One of my Secrets of Adulthood (cribbed from Niels Bohr) is “The opposite of a great truth is also true.” So whenever I’m very convinced that something is true, I ask myself, “Is the opposite also true?”
The main strategy for my happiness project is to make and keep resolutions. I’ve made dozens, maybe hundreds of resolutions, and I have Resolutions Chart where I score myself on the most important resolutions. I constantly remind myself, “It’s important to keep that resolution! It will make me happier!” and usually it does.
But I have at least one resolution that I just can’t seem to keep, and I’ve decided to resolve to do just the opposite, to “Give up that resolution.”
I’m giving up my long-standing, often-repeated resolution to “Entertain more.” Fact is, I’ve never really committed to that resolution: I never broke the goal down into steps that I could follow and pushed myself to keep them. Well, why not? Why was I able to keep resolutions like Stop gossiping and Read more and Don’t expect praise or appreciation, but not this one?
I want to entertain more, but clearly, I also do NOT want to entertain more. Finally I realized – I need to give up this resolution for a while.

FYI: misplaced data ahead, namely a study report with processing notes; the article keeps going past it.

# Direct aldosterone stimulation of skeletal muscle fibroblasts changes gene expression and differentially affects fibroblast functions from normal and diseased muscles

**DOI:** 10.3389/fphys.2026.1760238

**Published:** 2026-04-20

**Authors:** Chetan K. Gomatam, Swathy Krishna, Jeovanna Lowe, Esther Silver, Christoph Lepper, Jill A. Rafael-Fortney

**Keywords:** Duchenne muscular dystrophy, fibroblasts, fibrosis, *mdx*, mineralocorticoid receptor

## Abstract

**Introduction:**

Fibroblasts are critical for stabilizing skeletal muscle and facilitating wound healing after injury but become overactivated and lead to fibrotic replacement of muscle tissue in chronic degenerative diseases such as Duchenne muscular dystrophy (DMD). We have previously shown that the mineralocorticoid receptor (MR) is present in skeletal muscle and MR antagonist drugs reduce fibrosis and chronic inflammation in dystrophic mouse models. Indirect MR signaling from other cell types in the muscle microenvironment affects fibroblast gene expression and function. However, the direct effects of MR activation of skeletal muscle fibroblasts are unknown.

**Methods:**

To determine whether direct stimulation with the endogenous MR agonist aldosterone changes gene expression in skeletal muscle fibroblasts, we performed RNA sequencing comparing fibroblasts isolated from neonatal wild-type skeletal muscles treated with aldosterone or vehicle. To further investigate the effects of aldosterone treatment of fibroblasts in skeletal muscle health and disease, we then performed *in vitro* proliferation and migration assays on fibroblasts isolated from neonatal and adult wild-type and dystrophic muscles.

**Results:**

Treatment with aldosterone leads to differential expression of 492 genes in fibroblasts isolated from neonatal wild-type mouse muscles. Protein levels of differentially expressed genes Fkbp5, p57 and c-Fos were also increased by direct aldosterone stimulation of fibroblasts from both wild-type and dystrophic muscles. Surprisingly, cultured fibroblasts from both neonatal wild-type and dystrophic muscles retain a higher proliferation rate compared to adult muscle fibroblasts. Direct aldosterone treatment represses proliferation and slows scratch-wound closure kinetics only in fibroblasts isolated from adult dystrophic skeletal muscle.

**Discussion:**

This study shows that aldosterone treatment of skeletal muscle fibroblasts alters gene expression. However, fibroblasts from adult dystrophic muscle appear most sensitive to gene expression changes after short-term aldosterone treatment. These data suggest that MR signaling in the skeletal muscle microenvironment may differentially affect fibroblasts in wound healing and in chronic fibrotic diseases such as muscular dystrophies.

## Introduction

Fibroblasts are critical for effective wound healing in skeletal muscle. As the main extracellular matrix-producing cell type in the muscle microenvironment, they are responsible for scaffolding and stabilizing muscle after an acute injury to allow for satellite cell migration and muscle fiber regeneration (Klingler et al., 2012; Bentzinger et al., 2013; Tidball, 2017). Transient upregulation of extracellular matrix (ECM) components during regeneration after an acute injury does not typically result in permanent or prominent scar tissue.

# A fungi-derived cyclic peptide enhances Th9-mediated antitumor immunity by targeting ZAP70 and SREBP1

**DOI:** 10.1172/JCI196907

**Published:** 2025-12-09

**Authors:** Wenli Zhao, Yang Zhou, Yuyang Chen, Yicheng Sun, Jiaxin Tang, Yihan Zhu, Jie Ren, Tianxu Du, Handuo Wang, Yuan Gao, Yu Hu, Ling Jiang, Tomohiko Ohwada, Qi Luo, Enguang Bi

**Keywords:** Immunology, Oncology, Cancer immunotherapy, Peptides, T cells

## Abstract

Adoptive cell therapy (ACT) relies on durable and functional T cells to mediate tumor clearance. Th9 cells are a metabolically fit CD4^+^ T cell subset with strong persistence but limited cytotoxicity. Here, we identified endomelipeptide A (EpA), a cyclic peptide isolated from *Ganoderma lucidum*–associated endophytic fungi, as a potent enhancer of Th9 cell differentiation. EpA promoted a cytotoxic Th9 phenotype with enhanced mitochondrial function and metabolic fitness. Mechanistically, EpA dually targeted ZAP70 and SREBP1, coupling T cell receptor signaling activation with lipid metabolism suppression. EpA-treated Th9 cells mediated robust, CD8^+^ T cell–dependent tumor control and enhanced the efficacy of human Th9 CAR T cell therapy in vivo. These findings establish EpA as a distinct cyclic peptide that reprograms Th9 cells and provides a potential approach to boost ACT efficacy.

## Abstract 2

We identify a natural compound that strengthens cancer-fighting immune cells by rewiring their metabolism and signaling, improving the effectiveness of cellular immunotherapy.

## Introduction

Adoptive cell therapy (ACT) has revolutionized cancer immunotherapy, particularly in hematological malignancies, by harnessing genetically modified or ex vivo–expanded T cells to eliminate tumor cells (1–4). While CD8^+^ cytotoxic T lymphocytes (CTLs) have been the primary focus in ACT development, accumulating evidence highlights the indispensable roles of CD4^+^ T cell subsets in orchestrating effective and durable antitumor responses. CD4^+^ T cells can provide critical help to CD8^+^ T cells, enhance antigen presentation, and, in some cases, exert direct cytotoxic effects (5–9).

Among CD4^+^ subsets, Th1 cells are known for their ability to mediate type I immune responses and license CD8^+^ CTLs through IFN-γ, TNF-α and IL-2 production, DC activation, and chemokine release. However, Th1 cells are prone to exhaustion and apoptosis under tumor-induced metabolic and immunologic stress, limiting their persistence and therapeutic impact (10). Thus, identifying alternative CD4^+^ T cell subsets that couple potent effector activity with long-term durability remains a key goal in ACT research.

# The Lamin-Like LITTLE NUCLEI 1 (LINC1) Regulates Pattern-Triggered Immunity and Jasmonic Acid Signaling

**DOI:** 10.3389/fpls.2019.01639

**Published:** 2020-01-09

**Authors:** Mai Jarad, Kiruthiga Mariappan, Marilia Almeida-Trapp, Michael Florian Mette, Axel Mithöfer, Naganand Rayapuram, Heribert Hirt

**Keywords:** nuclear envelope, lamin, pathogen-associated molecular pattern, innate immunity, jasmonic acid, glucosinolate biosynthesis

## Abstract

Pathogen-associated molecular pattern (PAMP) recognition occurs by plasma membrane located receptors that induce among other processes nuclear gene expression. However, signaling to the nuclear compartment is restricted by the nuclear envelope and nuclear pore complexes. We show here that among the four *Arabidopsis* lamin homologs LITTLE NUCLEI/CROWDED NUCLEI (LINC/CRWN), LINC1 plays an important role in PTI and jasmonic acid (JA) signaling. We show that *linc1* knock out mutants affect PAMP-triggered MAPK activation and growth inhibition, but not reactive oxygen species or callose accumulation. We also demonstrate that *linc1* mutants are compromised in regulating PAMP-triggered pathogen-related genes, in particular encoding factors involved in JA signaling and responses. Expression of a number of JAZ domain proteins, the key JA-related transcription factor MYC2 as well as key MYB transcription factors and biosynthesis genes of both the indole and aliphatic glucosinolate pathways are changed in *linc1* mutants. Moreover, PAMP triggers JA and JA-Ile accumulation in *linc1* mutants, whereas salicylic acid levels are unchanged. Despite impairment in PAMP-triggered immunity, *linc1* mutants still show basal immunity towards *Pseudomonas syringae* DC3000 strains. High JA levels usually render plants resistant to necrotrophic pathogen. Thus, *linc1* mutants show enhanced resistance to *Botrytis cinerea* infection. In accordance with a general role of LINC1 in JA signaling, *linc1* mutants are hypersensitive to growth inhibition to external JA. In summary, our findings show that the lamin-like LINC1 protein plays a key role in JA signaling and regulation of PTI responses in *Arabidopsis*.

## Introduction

If I’m honest with myself, I’m feeling a bit overwhelmed. The Happiness Project book is finally about to hit the shelves, and that means a lot of work – not just writing work, which I’m used to, but other kinds of work. My children need a lot of attention. My husband has been traveling a fair amount. When I have some spare time, I want to just hang around the apartment and read; I don’t want another to-do list, even for something fun. Some people like party errands (flowers, food, fixing up the house, figuring out whom to invite), but I don’t.
So I’ve decided to abandon that resolution for a while.
Starting an exercise routine. Learning Italian. Cleaning the basement. We all have longstanding resolutions hanging over our heads – resolutions that we want to keep, but we don’t really make much progress towards, and which can therefore give us a feeling of powerlessness or failure. As important as it is to try to keep resolutions, sometimes you need to give up a resolution.
Sometimes, too, I think a resolution can block you. You don’t have any nice clothes because you want to lose weight. You don’t read any novels because you’ve promised yourself to read War and Peace. Letting go of one resolution might make it easier to keep other resolutions.
The thing is, I know if I’d keep the resolution to “Entertain more,” it would make me happier. But I’m going to admit to myself how happy it will make me not to keep that resolution.
How about you? Have you ever boosted your happiness when you gave up a resolution?
From 2006 through 2014, as she wrote The Happiness Project and Happier at Home, Gretchen chronicled her thoughts, observations, and discoveries on The Happiness Project Blog.